Setting up a community enterprise
Choose a ‘business structure’, if you’re starting a community business, that helps people or communities (a ‘social enterprise’), protects your business interests and those of your partners and which offers the right degree of protection and security for your board/trustees.
Definition of a social enterprise?
The term “Social Enterprise” describes the purpose of a business, not its legal form. It is defined (by Government) as “a business with primarily social objectives whose surpluses are principally reinvested for that purpose in the business or in the community, rather than being driven by the need to maximise profit for shareholders and owners”.
Source: A Guide to Legal Forms for Social Enterprise/ Dept. For Business Innovation and Skills
Some of your options are listed below.
Create a Limited Company
Starting a ‘normal’ limited company entails a degree of protection for Directors and provides a well recognised structure for reporting to Companies House and complying with tax and other reporting and payment processes.
A Company Limited by Guarantee is most often’ used ‘ by Charities to support trading activities, with no obligation or structure to pay dividends to shareholders.
Register a new Charity
Things you will need to create…
- How your charity’s purposes meet the Public Benefit requirement?
- How will the trustees run the charity for the public benefit (governance)
You will also need:
- Proof that your charity’s income is ‘already’ over £5,000
- A signed PDF copy of the trustee declaration form
- A PDF copy of your charity’s governing document
A charitable incorporated organisation
CIO is a new legal structure for charities, from 2013. Combining the aims and structures of a charity and a business.
Become a Co-operative
Co-operatives are based on seven key principles…
Voluntary and open membership. Democratic member control. Member economic participation. Autonomy and independence. Education, training and information. Co-operation with other co-operators. Concern for the community.
Create a community based Industrial and Provident society
Industrial and Provident Societies (IPSs) are registered with the Financial Services Authority (FSA). Currently, those that are charities are ‘exempt’ charities. They cannot register with the Charity Commission, but are otherwise subject to charity law. HMRC decides whether they are eligible for tax relief as charities.
IPSs fall into two categories:
- bona fide co-operatives – these trade for the mutual benefit of their members, and the Registrar will judge the legality of their action by reference to co-operative principles; and
- societies for the benefit of the community – these trade to benefit the broader community, and the Registrar will refer to charity law. Societies for the benefit of the community are granted charitable status by the taxation authority, HM Revenue & Customs (Source: DIY Commitee Guide)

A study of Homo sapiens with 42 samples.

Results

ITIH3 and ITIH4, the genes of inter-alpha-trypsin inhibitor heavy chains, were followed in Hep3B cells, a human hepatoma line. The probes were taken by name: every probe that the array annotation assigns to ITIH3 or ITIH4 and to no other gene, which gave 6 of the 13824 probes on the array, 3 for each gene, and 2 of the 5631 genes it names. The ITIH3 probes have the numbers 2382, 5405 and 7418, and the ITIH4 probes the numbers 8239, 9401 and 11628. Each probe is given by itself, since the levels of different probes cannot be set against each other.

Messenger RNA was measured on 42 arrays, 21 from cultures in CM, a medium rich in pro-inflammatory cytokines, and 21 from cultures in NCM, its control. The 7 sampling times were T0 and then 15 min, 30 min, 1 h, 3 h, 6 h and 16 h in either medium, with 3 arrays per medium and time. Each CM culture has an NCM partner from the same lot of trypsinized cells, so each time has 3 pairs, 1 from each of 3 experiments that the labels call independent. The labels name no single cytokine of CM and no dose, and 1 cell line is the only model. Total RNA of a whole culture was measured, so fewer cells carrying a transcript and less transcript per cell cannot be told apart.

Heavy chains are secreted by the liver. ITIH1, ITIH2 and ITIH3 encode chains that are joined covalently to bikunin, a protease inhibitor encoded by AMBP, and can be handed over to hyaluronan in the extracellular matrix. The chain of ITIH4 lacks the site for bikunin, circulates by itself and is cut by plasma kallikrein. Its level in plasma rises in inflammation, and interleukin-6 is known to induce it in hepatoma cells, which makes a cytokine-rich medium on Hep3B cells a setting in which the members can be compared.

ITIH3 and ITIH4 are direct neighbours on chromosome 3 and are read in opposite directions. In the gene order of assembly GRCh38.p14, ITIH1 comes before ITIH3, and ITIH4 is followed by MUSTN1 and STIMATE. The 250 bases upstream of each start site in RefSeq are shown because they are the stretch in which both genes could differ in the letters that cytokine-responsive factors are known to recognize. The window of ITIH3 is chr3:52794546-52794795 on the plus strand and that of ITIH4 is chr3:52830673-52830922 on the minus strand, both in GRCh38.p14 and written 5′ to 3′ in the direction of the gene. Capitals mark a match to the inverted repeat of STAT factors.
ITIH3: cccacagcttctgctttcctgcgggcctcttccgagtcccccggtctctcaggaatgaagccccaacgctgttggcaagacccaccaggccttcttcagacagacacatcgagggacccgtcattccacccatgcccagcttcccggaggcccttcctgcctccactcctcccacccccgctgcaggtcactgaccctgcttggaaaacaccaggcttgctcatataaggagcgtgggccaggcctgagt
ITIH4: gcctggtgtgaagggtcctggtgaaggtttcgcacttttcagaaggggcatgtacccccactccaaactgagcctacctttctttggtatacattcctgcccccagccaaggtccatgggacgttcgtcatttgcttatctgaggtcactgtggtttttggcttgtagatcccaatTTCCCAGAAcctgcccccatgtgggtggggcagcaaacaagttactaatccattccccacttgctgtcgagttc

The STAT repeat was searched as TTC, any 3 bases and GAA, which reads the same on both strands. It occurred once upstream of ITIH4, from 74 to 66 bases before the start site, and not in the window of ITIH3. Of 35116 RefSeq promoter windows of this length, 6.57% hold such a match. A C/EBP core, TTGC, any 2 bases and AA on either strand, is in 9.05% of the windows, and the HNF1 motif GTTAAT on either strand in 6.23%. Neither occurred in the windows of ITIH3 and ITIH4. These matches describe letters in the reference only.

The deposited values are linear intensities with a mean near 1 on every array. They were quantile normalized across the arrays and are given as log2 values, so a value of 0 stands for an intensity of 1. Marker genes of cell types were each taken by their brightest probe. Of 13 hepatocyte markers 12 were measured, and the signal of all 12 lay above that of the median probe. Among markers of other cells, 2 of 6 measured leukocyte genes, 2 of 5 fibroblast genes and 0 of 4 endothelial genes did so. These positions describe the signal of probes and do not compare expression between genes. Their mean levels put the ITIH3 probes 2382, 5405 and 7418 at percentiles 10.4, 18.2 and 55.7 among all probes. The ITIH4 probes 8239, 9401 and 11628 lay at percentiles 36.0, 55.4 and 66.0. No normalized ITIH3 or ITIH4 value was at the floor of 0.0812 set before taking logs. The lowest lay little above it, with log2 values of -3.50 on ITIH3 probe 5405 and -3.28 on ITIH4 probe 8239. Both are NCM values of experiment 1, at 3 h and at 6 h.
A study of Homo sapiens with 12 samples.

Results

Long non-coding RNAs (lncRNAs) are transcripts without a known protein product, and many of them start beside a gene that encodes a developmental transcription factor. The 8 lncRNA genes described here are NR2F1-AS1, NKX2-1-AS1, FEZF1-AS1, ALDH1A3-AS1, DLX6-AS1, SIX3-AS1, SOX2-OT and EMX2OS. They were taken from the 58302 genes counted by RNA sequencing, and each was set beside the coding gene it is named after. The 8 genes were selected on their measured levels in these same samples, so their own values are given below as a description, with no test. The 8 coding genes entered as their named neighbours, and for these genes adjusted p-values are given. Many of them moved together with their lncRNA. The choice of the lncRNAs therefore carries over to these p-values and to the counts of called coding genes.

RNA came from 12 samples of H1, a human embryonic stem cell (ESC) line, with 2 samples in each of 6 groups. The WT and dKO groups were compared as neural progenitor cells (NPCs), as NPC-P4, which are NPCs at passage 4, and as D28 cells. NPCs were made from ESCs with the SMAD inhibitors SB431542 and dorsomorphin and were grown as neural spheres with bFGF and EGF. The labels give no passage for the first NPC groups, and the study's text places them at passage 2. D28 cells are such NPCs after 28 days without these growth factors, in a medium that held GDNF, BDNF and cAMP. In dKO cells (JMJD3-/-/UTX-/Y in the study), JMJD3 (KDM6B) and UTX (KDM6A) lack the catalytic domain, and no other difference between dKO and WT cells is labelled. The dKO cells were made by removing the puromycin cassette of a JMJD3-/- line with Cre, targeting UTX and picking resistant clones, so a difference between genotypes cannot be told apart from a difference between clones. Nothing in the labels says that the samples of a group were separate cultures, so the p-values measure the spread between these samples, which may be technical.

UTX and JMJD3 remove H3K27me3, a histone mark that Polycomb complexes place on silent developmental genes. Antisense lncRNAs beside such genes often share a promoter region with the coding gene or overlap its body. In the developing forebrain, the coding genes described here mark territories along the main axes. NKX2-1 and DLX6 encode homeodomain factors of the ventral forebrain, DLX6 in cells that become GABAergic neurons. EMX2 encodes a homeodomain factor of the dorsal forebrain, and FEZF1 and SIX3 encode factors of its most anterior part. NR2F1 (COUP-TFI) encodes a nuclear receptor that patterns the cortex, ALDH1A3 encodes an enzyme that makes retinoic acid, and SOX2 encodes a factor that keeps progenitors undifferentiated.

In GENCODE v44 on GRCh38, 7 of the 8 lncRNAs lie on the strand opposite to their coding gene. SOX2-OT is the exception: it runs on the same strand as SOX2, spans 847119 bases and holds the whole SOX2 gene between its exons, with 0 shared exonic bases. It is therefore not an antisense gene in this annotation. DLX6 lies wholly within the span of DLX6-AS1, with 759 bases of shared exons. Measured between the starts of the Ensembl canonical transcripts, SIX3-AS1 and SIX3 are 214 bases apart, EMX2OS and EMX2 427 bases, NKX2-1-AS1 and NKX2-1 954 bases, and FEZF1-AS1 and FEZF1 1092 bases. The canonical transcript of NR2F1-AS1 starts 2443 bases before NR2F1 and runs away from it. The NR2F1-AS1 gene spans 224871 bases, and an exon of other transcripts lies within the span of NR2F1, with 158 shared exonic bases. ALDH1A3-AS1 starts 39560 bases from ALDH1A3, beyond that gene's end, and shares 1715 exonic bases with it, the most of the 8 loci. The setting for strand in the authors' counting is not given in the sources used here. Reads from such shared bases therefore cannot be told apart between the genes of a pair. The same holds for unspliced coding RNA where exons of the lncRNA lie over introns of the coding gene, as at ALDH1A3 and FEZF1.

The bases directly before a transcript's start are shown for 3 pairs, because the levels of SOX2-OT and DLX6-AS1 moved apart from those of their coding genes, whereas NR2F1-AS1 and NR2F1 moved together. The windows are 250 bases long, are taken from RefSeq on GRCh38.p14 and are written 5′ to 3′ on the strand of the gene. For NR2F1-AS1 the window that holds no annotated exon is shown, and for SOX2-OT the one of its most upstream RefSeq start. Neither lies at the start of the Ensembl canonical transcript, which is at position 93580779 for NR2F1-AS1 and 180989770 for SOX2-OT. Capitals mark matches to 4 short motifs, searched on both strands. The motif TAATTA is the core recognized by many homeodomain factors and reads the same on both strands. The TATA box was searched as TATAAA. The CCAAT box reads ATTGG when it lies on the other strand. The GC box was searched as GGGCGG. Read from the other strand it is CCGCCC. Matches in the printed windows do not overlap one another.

Establish a Community Interest Company (CIC)
A CIC is a special type of limited company which exists to benefit the community rather than private shareholders. To set up a CIC, you need to apply to Companies House.
You will need to create a ‘community interest statement’, explaining what your business plans to do. As a community based organisation you will create an ‘asset lock’- a legal promise stating that the company’s assets will only be used for its social objectives, and setting limits to the money it can pay to shareholders (if any).
Your new company will need to be approved by the CIC regulator.
Discover the CIC regulator on-line here…
Start as a sole trader
If you are a dynamic, enterprising individual with a good heart you may start a business, earn money, pay tax and donate your surplus income to your good cause.
80,000 Hours is a website dedicated to students who have adopted the ‘Earn to Give’ philosophy.
Resolve to be a business partnership (LLP)
A Limited Liability Partnership offers greater flexibility to set up their organisation for social good, and to decide on their direction of travel, and how any surpluses, if any, are distributed.
Stay as an Unincorporated Association
If you’re setting up a small organisation like a sports club or a voluntary group and don’t plan to make a profit, you can form an ‘un-incorporated association’ instead of starting a business.
You will need to keep good records, meet regularly with minutes taken and agree a constitution, for your group or activity, in the community. (A much simpler version of Memorandum of Articles for a Limited Company).
Co-operatives and industrial and provident societies are both types of mutual. A mutual is an organisation owned by, and run for, the benefit of its members.
The term “mutual” is used as an umbrella term for several different ownership models. Mutuals are often described as being characterised by the extent to which members have
democratic control of the business and share in its profits, and contrasted with ‘investor controlled’ companies.
Examples: Employee owned businesses, co-operatives.
There are also opportunities to invest in local enterprise with community shares or to bid to run a local service.
There is no legal definition of community shares. The term is used here to refer to a unique form of share capital called ‘withdrawable shares’ which can only be issued by co-operatives or community benefit societies registered with the Financial Services Authority.
Co-operative societies are for the mutual benefit of their members, whereas community benefit societies are for the broader benefit of the whole community. Both types of society can issue withdrawable shares, and they work to similar principles…
You can discover more about the Localism Act and your rights as a community on the web pages of Locality.
Good luck with the formulation of your governance project.